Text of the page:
From: Philippe Verdy (firstname.lastname@example.org)
Date: Mon May 24 2004 - 17:28:10 CDT
Peter Constable wrote:
> E. Keown wrote:
> > Leading computational Hebraists in the late 1980s tried to
> > persuade Unicode planners to include a non-public but very
> > widely used academic Biblical Hebrew code, Michigan-
> > Claremont-Westminster, in Unicode....They were rebuffed
> > (or, if you will, perceived themselves to be rebuffed).
> I was not involved in those discussions so cannot comment on
> them. I just wish to point out that the MCW representation of
> Hebrew most certain *is* supported in Unicode: MCW uses ASCII
> Latin letters and punctuation characters to stand for Hebrew
> letters, vowel points and accents, and those exact same ASCII
> characters are encoded in Unicode. In fact, any existing
> MCW/ASCII-encoded file of Hebrew text is, in fact, also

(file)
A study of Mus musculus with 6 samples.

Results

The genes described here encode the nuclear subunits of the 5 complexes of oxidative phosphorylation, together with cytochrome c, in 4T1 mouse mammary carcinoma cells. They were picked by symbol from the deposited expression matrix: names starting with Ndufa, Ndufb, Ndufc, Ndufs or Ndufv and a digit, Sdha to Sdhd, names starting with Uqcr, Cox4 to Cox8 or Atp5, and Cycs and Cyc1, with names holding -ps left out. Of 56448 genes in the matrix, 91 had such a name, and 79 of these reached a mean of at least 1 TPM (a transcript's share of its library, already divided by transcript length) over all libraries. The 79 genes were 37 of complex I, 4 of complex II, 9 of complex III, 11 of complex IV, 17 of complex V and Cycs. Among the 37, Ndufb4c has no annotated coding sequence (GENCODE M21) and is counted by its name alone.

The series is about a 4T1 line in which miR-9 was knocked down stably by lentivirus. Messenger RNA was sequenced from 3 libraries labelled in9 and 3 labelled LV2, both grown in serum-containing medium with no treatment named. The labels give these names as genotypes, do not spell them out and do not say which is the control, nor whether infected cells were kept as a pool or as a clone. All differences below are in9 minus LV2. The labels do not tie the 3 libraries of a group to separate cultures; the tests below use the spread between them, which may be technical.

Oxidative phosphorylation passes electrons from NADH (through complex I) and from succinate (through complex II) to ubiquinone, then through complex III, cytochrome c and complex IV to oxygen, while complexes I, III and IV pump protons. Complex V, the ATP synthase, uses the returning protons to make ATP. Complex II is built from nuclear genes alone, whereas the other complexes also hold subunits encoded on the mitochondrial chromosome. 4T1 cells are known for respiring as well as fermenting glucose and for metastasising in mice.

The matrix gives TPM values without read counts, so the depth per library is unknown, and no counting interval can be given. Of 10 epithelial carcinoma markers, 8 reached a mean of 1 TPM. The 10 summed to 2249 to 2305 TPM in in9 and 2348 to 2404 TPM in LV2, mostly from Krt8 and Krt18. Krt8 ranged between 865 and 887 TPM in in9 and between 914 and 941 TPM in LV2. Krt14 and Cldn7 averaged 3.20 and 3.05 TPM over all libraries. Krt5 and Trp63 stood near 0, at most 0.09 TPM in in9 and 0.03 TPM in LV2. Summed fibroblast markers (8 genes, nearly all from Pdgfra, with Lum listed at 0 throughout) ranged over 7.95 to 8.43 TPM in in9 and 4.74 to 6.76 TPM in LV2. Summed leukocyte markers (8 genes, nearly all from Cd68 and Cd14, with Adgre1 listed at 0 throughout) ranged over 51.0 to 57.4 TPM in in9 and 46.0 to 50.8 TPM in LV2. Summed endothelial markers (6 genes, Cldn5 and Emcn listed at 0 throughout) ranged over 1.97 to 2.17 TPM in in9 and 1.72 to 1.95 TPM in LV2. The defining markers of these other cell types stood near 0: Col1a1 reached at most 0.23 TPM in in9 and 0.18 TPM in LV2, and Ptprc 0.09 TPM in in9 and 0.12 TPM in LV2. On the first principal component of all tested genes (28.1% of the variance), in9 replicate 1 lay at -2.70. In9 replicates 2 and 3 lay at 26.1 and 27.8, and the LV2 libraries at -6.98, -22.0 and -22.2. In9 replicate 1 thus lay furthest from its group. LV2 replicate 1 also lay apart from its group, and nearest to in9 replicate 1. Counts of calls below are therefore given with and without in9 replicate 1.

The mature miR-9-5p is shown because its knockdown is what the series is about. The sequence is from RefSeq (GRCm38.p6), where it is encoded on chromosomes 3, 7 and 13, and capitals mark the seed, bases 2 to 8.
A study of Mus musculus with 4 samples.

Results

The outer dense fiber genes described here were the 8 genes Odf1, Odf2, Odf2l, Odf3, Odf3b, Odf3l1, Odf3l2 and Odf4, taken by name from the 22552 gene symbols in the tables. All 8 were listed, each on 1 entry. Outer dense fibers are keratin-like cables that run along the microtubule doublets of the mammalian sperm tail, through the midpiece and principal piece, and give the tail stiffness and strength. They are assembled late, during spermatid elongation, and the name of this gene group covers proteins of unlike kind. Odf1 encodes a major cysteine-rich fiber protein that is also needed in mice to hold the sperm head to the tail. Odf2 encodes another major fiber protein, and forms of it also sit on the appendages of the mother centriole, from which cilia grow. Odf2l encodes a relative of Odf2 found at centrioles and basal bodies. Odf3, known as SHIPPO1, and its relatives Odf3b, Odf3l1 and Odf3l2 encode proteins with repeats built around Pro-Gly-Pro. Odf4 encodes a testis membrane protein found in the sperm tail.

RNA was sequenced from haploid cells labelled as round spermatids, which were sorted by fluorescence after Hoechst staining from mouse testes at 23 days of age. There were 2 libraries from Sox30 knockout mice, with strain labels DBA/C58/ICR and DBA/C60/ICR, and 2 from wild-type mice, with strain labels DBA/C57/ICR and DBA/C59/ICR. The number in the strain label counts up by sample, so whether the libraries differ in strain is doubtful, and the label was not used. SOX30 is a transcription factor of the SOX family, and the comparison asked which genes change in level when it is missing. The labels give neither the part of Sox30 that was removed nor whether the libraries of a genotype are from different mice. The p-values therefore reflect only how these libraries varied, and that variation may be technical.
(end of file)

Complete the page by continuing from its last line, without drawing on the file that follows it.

> MCW/Unicode-encoded since the representation of Basic Latin
> characters at the character encoding form and character
> encoding scheme levels is exactly the same for ASCII as it is
> for Unicode:
> Hebrew MCS/ASCII MCS/Unicode
> literal code unit literal UTF-8
> alef ) 0x29 ) 0x29
> bet B 0x42 B 0x42
> gimel G 0x47 G 0x47
> To encode any different from this in Unicode to support MCW
> texts would have been fairly bad news for the people that use
Is it a joke? UTF-8 designates Unicode codepoints refering to
Unicode abstract characters with all their semantic (including
the character name and properties).
This table looks like a tweak. Or it is not correctly explained here:
what is MCS and MCW above?
You can't say that the tableabove is ASCII not either Unicode.
It's only a separate legacy 7-bit encoding.. which is probably
not widely interoperable because unimplemented or not documented
in the same common places as where ASCII and Unicode are defined.